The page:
This content is part of the Essential Guide: Essential guide to prefabricated and micro datacentres
Get started Bring yourself up to speed with our introductory content.

Options for building a data center quickly

With the sometimes unpredictable nature of business IT, a modular data center could fit right into IT's plans -- if you know which kind to pick.

The modular data center is a beacon of hope on the horizon of rapidly changing IT needs. Countless times, organizations land a large contract, then scramble to retrofit IT resources to accommodate the new demands.

A modular data center lets an organization quickly scale up IT capacity, but there are other reasons to choose installing a modular data center over building a data center. Startup companies can add significant IT resources without incurring the costs or the time associated with constructing traditional data centers. Organizations that need to deploy a data center in a remote area could find traditional building processes difficult. And finally, modular data centers are an option for organizations that need to scale up their IT resources for a particular project, but will only need those resources on a temporary basis.

Regardless of use, a modular data center is at least partly portable and designed for cost-effective, rapid deployment. Within that definition, however, modular data centers come in two types: the portable containerized data center -- nicknamed data center in a box -- and the prefabricated data center.

A typical portable modular data center includes cooling, lighting and computer equipment inside an adapted standard-size shipping container or trailer. For an operational data center, simply connect to a power source. As the name implies, the main benefit of this type of data center is high portability.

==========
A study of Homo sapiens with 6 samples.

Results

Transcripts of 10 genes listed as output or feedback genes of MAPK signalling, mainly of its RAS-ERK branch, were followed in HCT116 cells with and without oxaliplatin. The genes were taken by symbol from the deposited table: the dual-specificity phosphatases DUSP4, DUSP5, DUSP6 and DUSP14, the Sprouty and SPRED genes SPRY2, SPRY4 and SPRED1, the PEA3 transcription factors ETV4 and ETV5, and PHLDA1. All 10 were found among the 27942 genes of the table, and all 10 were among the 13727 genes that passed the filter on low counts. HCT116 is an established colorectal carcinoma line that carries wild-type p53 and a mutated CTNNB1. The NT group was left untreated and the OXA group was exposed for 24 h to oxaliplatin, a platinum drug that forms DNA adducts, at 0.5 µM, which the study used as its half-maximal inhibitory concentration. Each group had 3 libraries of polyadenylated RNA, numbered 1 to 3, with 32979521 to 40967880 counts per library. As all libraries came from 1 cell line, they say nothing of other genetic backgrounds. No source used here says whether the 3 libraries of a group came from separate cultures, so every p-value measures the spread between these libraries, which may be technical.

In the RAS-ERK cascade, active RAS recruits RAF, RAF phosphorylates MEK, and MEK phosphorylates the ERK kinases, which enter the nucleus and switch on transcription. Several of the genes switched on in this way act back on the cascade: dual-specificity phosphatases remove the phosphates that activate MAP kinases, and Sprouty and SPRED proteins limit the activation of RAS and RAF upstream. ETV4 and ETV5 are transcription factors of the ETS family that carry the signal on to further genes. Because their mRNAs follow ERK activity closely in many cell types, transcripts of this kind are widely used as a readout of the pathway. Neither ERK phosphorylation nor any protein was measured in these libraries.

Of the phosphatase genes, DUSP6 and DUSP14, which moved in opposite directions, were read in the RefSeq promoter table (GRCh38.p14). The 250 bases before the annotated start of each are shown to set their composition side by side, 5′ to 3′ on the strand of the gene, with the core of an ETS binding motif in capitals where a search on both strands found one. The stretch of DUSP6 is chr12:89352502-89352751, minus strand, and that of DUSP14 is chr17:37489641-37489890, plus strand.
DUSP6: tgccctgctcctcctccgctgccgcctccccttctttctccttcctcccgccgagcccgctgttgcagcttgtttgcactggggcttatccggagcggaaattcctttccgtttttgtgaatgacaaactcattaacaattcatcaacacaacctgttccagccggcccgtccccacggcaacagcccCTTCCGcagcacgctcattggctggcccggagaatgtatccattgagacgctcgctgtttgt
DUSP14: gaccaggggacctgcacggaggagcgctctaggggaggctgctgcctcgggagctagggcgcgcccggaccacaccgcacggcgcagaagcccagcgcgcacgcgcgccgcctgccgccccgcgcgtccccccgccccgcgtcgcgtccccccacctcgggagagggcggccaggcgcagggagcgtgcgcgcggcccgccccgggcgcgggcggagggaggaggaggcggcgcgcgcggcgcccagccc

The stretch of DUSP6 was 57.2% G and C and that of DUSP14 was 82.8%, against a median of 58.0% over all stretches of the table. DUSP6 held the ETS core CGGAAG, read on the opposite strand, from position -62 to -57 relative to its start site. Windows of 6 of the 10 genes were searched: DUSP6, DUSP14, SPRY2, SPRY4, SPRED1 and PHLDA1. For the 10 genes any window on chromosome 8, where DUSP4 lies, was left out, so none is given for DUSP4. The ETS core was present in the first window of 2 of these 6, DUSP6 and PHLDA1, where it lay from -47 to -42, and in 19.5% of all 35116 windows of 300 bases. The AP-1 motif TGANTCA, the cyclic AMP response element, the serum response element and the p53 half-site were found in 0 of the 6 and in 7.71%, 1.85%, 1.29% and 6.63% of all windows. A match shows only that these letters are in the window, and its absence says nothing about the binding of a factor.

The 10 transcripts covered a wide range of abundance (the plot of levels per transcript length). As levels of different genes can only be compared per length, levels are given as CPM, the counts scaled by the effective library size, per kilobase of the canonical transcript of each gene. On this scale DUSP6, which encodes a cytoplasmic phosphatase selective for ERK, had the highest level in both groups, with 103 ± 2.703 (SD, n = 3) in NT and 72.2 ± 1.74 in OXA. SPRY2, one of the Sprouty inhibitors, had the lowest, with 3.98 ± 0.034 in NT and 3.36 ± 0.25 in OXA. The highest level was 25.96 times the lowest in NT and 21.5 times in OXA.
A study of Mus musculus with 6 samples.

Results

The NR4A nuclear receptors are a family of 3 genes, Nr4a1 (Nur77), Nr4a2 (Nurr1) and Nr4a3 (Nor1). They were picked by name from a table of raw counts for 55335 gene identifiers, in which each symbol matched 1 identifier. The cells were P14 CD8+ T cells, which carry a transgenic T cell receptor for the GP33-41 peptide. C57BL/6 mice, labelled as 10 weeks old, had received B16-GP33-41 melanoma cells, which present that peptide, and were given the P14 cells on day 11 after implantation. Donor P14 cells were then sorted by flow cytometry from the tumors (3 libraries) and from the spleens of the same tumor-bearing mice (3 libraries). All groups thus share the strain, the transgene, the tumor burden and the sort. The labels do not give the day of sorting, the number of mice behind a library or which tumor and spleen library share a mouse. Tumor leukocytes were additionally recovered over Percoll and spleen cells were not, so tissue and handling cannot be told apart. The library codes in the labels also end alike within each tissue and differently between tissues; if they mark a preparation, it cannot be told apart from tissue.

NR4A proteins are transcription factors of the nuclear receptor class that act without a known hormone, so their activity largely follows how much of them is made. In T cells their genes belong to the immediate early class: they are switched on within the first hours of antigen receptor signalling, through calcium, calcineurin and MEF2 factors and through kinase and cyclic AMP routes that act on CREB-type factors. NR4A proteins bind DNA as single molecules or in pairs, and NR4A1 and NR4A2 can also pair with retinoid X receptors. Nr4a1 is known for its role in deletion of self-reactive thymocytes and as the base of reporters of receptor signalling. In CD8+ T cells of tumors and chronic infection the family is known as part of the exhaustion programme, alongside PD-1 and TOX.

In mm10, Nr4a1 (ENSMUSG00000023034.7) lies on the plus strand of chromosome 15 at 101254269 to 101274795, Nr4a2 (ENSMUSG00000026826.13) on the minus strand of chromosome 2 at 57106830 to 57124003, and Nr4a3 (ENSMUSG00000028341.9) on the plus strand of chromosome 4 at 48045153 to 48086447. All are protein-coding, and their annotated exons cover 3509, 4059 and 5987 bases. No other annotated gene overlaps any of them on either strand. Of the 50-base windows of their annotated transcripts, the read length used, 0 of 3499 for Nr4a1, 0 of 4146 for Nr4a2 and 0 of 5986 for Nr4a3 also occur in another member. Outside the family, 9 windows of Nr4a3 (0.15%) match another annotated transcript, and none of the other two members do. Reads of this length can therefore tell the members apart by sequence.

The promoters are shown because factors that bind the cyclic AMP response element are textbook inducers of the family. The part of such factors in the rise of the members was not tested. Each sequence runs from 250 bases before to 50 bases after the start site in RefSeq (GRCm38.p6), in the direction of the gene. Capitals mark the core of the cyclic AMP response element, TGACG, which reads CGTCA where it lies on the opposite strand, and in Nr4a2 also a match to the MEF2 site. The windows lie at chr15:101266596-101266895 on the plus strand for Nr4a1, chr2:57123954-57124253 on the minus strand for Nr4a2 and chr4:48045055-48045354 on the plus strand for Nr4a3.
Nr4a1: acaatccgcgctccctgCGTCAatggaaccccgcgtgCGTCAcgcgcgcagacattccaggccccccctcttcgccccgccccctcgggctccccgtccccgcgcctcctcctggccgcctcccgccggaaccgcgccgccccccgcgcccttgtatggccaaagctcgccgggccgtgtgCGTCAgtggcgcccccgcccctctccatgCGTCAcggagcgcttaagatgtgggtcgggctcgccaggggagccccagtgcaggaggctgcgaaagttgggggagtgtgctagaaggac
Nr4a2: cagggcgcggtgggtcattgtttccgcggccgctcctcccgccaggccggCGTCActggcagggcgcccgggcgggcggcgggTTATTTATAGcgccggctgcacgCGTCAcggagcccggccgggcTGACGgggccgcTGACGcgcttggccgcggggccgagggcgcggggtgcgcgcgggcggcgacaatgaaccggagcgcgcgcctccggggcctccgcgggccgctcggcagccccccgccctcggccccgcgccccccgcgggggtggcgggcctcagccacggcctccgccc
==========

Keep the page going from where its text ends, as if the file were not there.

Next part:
Portable modular data centers are typically configured to suit your specific needs, and are leased or purchased outright. Organizations using these data centers can customize the module's cooling unit. It is easy to think of a containerized data center as a trailer full of servers, but it can also contain other types of IT resources if needed -- perhaps an entire module filled with backup batteries. I don't know that you could truly refer to such a module as a portable data center, but the concept does illustrate the design's flexibility.

Containerized data centers are easy to add to existing IT resources. A portable data center can be dropped adjacent to an existing IT facility, then connected to the building through standard network cables or through a wireless network connection.

A prefabricated modular data center is designed as a more permanent fixture. They aren't quite as instant as the just-add-power data centers in a box, but deploying them still takes less time than building a traditional data center would. Companies often use containerized data centers to add capacity quickly or when extra resources are needed on a temporary basis.

A series of modular components are prefabricated, then assembled on-site into a full-featured data center. Though the construction process is much faster than the process of constructing a traditional data center, setting up a prefab does take longer than setting up a portable modular data center, which just needs to be plugged in.

Modular data centers on the market vary in price depending on the form factor, and come from various vendors like Dell Inc., Hewlett-Packard Co., Cisco, Oracle Corp. and IBM.

Brien Posey is a seven-time Microsoft MVP with two decades of IT experience. He has published thousands of articles, and written or contributed to dozens of IT books. Prior to becoming a freelance writer, Posey served as CIO for a national chain of hospitals and healthcare facilities. He also worked as a network administrator for large insurance companies and for the Department of Defense at Fort Knox. Reach him at

Dig Deeper on Data center design and facilities

Start the conversation

Send me notifications when other members comment.

Please create a username to comment.